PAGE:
Editor's Note: This popular article originally appeared in the September/October 2016 issue of Cannabis Business Times as part of the first "State of the Cannabis Lighting Market" report. The now annual, highly anticipated study is in its fourth year. You can read the 2019 report here.
While it’s interesting to see what types of lighting cultivators are using, other data offer a more candid look at where the industry stands regarding light-related data tracking and application to impact yield.
One of the most basic, yet essential measurements, say some experts, is calculating how much of your lighting is actually reaching your cannabis crops. According to CBT’s research, 43% of participating cultivators say they do not measure the amount of light their crops receive.
Randy Flemming, sales associate at American Cannabis Consulting (ACC), says he believes “43% is an accurate number, with that number dropping all the time. People are becoming more aware of the potential loss of capital through lighting wastage,” he says.
He adds that ACC measures light output for several reasons:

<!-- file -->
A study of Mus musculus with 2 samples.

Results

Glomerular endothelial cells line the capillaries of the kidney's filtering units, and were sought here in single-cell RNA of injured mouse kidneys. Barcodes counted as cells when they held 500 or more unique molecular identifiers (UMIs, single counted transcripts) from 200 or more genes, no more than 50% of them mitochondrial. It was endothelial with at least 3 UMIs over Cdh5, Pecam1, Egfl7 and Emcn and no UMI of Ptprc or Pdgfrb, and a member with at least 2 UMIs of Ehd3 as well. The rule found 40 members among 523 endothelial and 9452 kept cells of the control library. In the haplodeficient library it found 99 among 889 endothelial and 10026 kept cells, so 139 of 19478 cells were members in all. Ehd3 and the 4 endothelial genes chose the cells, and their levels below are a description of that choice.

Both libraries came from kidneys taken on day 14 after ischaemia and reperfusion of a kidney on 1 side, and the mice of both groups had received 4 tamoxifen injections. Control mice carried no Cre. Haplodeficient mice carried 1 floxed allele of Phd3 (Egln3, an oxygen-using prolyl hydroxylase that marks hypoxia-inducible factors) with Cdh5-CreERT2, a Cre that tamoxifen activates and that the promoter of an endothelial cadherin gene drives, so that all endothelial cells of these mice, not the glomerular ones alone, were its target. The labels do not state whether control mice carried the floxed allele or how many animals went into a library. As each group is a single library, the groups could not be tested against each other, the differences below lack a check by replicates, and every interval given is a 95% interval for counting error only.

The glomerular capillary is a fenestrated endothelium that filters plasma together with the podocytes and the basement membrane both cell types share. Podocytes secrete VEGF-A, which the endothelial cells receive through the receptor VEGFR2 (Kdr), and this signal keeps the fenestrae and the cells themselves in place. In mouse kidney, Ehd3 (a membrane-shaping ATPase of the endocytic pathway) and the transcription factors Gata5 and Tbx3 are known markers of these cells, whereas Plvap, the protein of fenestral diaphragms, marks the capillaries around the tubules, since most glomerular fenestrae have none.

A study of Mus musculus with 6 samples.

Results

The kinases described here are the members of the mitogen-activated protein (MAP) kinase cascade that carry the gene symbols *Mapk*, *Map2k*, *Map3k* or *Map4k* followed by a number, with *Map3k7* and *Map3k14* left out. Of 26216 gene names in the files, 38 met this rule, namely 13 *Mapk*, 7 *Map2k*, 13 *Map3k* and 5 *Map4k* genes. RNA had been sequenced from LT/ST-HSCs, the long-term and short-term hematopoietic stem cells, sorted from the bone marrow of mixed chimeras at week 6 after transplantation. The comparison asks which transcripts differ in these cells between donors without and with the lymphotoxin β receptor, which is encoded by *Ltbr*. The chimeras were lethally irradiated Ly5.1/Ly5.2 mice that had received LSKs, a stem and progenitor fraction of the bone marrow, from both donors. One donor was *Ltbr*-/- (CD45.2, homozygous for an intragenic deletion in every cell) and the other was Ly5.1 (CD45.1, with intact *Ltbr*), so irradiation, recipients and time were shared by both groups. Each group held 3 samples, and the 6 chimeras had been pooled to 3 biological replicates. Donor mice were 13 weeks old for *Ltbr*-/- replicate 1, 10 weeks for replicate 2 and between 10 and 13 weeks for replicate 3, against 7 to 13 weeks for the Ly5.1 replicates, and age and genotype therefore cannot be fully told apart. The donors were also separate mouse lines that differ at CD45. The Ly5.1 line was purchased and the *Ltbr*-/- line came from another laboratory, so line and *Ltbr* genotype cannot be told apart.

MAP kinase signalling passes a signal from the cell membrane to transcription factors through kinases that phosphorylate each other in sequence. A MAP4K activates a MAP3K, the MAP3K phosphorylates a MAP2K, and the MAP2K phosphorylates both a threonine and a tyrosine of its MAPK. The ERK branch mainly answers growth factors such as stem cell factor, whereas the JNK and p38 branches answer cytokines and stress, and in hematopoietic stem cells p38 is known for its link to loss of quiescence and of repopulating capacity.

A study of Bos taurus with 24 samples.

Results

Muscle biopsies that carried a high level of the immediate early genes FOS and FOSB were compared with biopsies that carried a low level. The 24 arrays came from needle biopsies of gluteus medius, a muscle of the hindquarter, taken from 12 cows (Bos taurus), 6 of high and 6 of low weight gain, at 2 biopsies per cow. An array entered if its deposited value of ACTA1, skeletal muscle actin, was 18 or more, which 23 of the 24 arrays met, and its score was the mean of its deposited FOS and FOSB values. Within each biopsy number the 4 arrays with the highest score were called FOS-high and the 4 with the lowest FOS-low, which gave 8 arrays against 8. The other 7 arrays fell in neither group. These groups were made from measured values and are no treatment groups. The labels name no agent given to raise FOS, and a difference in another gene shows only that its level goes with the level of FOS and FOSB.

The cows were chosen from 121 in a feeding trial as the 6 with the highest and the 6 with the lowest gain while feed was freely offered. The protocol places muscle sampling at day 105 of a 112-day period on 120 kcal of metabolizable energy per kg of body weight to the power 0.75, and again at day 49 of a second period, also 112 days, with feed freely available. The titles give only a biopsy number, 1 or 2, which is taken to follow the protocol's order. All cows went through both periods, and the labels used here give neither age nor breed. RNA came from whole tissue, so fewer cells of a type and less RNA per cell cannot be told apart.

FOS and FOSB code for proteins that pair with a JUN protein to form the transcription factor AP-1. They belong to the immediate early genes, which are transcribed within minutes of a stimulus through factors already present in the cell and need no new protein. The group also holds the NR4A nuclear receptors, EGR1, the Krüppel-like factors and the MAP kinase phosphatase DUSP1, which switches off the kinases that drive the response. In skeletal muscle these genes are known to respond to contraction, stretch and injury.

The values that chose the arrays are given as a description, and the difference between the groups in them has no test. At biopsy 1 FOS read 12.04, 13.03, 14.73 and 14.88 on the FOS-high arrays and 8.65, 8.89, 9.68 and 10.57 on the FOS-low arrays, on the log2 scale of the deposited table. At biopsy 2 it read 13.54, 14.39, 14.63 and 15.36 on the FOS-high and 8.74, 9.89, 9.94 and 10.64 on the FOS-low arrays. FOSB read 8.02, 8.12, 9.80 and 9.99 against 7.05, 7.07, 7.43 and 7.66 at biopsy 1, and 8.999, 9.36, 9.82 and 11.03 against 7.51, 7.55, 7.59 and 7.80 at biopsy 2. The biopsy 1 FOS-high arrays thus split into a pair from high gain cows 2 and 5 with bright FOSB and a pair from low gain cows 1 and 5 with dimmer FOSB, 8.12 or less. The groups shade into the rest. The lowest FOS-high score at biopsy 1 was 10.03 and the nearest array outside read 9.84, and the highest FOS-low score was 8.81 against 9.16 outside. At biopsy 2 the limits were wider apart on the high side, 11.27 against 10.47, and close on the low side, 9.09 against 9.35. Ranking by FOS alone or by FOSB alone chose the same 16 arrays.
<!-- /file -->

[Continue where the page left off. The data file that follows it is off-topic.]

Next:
- To maximize the effectiveness of the light available.
- To ensure a consistent photosynthetic photon flux density (PPFD) at the canopy.
- To help “fine tune” your photosynthesis, allowing your plants to grow strong and healthy.
- To allow you to recognize a drop in lighting effectiveness, thus allowing for proper bulb change-out and/or maintenance.
Some experts have suggested cultivators also measure the amount of light that is reaching any empty spaces around the canopy; this is wasted light, and finding excess light in non-crop areas can help you redirect your lighting to maximize its use.
We track all of our production by grams per watt (of lighting). We add up the total yield of all primary and secondary bud and divide by the number of watts illuminating the room.” — Jacob White R. Greenleaf Organics
“To us, these findings reflect a warehouse-dominated industry where light variation has been eliminated, along with regular measurements,” says Kurt Badertscher, co-owner with his wife Kerrie of Otoké Horticulture LLC, a horticultural consultancy.
“In contrast,” he says, “sunlight in year-round greenhouses varies widely. Yields follow light, so for consistency, daily light delivery needs to be held constant, and that requires automated or manual, daily light monitoring to determine sunlight deficits that supplemental lighting makes up for.”
Of the 55% who say they do measure the amount of light reaching their crops, Photosynthetically Active Radiation (PAR) meters and photometers (lux meters) are used by the largest number of cultivators, with both measuring tools being used by 50% of those respondents.